What is the H.E.A.T.?

The Heating Energy Assistance Team (H.E.A.T.), Inc. is a 501 (c) (3) non-profit organization that provides energy assistance statewide to Georgians in need regardless of the energy used - natural gas, propane, electricity, oil, wood, coal, or other.

How is H.E.A.T. funded?

H.E.A.T. is funded by contributions from private citizens, energy companies, organizations, and corporations. Some citizens donate to H.E.A.T. through their utility bill while others make direct donations.

How great is the need for assistance?

Official estimates are that only a fraction of the potentially eligible households receive help. The need is tremendous.

How can you help?

The amount of funds available for distribution depends on the generous donations of private citizens, organizations, and businesses. You can help your fellow Georgians by donating in one of the following ways:

  • Mail contribution to –

H.E.A.T.
Wells Fargo Bank, N.A.
P.O. Box 930112
Atlanta, GA 31193

Are contributions tax deductible?

Yes - contributions are tax deductible to the extent permitted by law.

How are H.E.A.T. funds disbursed?

The Georgia Division of Family and Children Services (DFCS) distributes the funds through local Community Action Agencies. Qualified families apply for assistance at the agency that serves their county. Call the DFCS information and referral line at 404-656-2323 or 1-877-423-4746 to find out the name and number of the agency that serves your area. Once an applicant has been approved for energy assistance, a check is sent to the energy provider and applied toward the applicant's account. If you have questions about how to apply for H.E.A.T. funds, please call 678-406-0212.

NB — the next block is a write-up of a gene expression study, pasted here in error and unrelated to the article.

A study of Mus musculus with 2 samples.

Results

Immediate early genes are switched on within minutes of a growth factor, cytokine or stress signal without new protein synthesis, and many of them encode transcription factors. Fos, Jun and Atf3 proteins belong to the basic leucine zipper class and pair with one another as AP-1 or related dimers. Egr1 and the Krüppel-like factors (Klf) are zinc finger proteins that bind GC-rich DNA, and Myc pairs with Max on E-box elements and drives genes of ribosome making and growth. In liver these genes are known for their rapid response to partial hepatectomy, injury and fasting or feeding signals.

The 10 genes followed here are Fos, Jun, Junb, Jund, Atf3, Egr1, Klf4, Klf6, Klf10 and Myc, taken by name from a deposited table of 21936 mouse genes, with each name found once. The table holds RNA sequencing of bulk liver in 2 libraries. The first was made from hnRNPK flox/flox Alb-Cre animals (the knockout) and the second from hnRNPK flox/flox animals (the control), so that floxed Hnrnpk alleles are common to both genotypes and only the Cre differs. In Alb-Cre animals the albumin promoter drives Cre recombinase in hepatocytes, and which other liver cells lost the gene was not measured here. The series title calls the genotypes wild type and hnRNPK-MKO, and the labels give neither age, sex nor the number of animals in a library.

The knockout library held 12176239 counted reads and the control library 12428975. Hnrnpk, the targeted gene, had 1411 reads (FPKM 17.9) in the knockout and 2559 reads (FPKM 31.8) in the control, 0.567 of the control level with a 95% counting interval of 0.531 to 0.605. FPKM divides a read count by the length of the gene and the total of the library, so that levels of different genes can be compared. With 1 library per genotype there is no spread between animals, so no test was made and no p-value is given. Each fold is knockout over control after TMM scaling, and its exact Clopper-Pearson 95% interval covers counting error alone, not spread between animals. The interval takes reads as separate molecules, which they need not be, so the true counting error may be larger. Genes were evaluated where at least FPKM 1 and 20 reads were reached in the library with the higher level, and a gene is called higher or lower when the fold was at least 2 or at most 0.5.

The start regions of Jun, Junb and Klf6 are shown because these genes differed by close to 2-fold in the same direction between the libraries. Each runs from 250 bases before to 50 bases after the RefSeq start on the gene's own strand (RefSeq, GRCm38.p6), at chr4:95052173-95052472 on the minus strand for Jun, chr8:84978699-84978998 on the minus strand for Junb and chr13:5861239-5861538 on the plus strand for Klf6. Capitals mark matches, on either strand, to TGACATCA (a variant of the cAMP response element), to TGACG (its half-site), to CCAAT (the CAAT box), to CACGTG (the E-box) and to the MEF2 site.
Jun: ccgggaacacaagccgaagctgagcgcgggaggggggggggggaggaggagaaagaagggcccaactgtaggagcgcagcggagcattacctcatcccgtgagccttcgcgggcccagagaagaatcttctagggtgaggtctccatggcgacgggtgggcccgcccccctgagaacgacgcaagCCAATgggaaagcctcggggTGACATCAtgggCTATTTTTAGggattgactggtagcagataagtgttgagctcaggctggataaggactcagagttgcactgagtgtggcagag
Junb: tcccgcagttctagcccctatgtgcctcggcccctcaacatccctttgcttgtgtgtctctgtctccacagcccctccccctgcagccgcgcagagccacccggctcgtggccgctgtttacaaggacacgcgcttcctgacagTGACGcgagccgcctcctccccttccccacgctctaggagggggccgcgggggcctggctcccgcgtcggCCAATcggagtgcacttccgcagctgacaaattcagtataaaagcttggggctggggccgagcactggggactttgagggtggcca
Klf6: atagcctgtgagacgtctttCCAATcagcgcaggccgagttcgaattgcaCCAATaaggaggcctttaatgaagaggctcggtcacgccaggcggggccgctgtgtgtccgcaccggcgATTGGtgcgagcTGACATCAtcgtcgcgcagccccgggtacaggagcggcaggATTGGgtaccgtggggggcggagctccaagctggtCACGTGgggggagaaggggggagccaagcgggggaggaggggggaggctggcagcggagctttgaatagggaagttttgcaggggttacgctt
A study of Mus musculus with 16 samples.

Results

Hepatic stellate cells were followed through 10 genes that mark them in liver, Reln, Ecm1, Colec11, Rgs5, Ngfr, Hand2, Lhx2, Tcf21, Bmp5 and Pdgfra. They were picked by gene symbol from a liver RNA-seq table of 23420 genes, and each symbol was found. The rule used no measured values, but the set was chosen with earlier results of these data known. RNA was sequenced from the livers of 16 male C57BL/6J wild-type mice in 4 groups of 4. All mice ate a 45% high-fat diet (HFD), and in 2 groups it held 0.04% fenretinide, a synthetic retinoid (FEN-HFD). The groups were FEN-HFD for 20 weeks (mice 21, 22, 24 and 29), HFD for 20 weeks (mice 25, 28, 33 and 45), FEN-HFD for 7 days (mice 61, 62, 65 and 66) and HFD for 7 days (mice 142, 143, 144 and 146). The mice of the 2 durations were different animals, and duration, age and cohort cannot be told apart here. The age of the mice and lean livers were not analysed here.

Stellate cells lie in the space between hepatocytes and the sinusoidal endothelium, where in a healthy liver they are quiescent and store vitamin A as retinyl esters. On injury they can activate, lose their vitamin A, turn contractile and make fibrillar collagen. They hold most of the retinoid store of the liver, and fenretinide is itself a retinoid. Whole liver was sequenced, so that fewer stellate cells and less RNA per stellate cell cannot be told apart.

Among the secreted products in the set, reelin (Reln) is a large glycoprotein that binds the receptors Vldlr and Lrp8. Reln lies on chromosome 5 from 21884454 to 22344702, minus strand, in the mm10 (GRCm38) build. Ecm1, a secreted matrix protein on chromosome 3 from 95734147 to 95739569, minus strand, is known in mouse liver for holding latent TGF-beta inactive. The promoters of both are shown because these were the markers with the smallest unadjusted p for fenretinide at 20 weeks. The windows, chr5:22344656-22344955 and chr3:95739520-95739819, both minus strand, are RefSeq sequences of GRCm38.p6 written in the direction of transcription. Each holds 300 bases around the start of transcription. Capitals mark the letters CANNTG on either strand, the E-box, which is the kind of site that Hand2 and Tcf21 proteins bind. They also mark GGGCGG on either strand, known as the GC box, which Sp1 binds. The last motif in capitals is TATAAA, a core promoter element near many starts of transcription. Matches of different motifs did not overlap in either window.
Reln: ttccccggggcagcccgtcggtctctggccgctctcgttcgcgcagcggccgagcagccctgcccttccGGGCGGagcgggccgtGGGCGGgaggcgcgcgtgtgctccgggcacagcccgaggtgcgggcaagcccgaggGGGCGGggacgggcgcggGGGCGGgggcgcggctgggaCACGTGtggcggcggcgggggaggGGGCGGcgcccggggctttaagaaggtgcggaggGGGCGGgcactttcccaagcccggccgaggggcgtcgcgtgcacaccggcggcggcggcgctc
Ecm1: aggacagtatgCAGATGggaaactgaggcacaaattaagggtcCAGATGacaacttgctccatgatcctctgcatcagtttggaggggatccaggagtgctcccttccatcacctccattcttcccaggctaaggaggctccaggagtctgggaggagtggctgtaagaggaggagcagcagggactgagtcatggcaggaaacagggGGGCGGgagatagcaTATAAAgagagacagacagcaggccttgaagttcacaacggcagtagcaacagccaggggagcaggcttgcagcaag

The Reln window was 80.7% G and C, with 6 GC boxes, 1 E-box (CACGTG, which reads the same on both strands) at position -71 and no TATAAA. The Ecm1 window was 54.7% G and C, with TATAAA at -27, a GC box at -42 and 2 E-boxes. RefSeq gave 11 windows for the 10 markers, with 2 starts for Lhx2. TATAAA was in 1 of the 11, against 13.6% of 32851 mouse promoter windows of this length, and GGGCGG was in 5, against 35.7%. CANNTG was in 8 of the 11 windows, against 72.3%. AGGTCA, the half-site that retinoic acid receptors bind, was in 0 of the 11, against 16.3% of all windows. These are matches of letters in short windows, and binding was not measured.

How much money has been disbursed by H.E.A.T.?

H.E.A.T. has distributed more than $22 million to more than 95,000 families since it began in 1983. During the 2014/2015 winter, $567,000 was provided for energy assistance; 1,642 households were served.

Who is eligible to receive H.E.A.T. funds?

Qualified households must meet guidelines that include income eligibility. Recipients of funds could be a family whose breadwinner is out of a job, or an elderly couple trying to get by on a small, fixed income, or a widow with small children. A great many people need help with heating bills though no fault of their own.

What can H.E.A.T. do to help people reduce energy use so their energy bills are smaller?

All H.E.A.T. recipients are referred to the state's weatherization program, if eligible. Also, low-cost or no-cost energy-saving tips are offered on the H.E.A.T. Web site to help people conserve energy.

Who monitors H.E.A.T.?

The H.E.A.T. program is administered under the auspices of a Board of Directors consisting of volunteer business and consumer leaders from around the state.